Information Processing Theory
As I noted in my discussion on behaviorism, Education theory has generally moved historically through three general overriding theories, behaviorism, information processing, and constructivism. The emergence of the information processing model (often called the "cognitive" model) is sometimes referred to as the "cognitive revolution" within the field of psychology and education. This view was certainly prominant during the time I was in graduate school (late 1980s), and, in fact, I believe it is still safe to say it is in many ways the overriding view among experimental psychologists today. However, within the field of education this model is starting to fall out of favor. (We will talk more about this in the virtual lecture on "constructivism", the third/current metaphor).
The birth of the cognitive model actually dates back to Edward Tollman's work with rats in the 1920s. Tollman, like most behaviorists of the time, worked with rats (since the view was that they worked on a stimulus response system that was easily generalizable to humans). In one of his most famous experiments he had three groups of rats run a maze. He put all rats in a maze once a day for sixteen days. In group 1 the rats received food for running the maze correctly, and, in group 3 they never received "reinforcement". Consistent with behaviorist theory, group 1 performed much better at running the maze (making almost no mistakes after10 days). However, the interesting group was group 2. These rats received no "reinforcement", for 10 days. On day 11 they were given food for running the maze correctly. Naturally they did very poorly for the first 11 days, but a day after receiving this reinforcement, not only did they perform as well as the rats that had been reinforced every day, but they even performed a little better! This was certainly inconsistent with classic behaviorist theory in that behavior is thought to be "strengthened" every time it is reinforced, so the rats in the reinforce-every-day group should have performed much better than the group reinforced for only one day. Tollman's explanation for this, to behaviorists, was radical. He suggested that the rats in group two had developed a "cognitive map" through their daily exploration of the maze. He had thus used a non-observable process to describe behavior, anathema to the behaviorists, and, at this point cognitive psychology was born, though it took many decades before it became an overriding model, replacing behaviorism, in psychology and education.
Not surprisingly, the cognitive or information processing model became much more popular with the advent of computers. At this point psychologists actually had a tool that represented non-observable processes in an observable fashion. The computer program, a clearly reliable measure, could serve to represent what was going on "internally" in the human brain. This is why the traditional information processing model of memory that you'll read about in the text, sounds so much like a computer. Sensory memory is sometimes called the "sensory buffer" in that it is like a temporally buffer in a computer that stores information briefly (sort of like your cache in a web browser). Then comes short term memory which is very much like a file that you're working on, before you save it (so short term memory is like RAM). And, long term memory is, of course, analogous to a hard drive.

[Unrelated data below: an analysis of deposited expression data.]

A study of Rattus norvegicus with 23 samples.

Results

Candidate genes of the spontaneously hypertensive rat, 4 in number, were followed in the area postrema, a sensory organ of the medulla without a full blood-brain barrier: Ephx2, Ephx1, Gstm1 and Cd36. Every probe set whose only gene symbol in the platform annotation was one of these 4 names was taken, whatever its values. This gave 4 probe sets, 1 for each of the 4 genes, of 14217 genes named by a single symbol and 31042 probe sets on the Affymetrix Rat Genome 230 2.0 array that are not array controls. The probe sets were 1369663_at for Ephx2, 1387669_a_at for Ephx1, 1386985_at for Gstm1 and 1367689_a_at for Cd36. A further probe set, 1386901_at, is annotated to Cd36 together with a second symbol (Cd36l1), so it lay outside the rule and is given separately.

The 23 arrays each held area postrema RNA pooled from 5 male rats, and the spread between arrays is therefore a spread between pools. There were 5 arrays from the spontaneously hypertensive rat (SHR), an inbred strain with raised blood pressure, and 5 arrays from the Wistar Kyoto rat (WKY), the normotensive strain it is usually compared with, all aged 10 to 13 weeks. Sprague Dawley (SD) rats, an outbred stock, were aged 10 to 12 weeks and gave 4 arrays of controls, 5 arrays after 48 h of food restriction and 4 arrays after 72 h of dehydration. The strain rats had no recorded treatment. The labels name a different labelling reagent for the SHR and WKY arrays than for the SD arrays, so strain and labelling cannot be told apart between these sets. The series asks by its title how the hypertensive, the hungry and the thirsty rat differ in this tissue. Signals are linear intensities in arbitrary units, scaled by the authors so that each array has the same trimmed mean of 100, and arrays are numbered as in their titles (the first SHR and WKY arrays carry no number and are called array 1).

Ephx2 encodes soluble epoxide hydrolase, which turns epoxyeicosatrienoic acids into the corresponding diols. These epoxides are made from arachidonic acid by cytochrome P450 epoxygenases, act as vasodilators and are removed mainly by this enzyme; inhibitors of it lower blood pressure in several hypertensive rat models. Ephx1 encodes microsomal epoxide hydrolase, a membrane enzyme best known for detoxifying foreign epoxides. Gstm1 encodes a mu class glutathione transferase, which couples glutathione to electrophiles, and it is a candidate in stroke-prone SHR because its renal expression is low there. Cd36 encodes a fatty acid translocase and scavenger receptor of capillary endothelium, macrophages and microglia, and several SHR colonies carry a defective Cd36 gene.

Unfortunately, despite the promise of artificial intelligence and the information processing model for describing memory, cognitive scientists have come to recognize that the computer can only serve as a pretty general and loose model for human memory. First of all, of course, the computer is capable of working with an incredibly large amount of data quickly and capable of doing this with incredible accuracy. In fact, I think it's safe to say that, in this sense, computers have really surpassed expectation. Compared to a human the computer is much more accurate. However, the computer also has interesting limitations when compared to a human. For example, if I type "logut", at the "saucer>" prompt in my Unix account the computer (which is capable of doing incredibly intricate calculations in it's "head" in milliseconds) responds "unknown command". However, it would not take a very advanced human who had seen the term "logout" as many times as the computer has to say "oh, I recognize that, he means 'logout'". Or, how about if I program a computer to recognize my face, by storing every single infinitesimally tiny portion of my face as data into the computer. It matches that pattern to my face and says "that's Richard Hall". Then I turn slightly to the left and it says "who the is that?" Whereas, again, it wouldn't take a very advanced human to recognize this was the same person. The reason is that we are efficient, we can make inferences quickly with incomplete data. This is a problem that researchers within the field of artificial intelligence have struggled with for decades, and are just now beginning to solve, and it has created a nearly intractable problem for those researchers using the computer as a simulated model of human memory.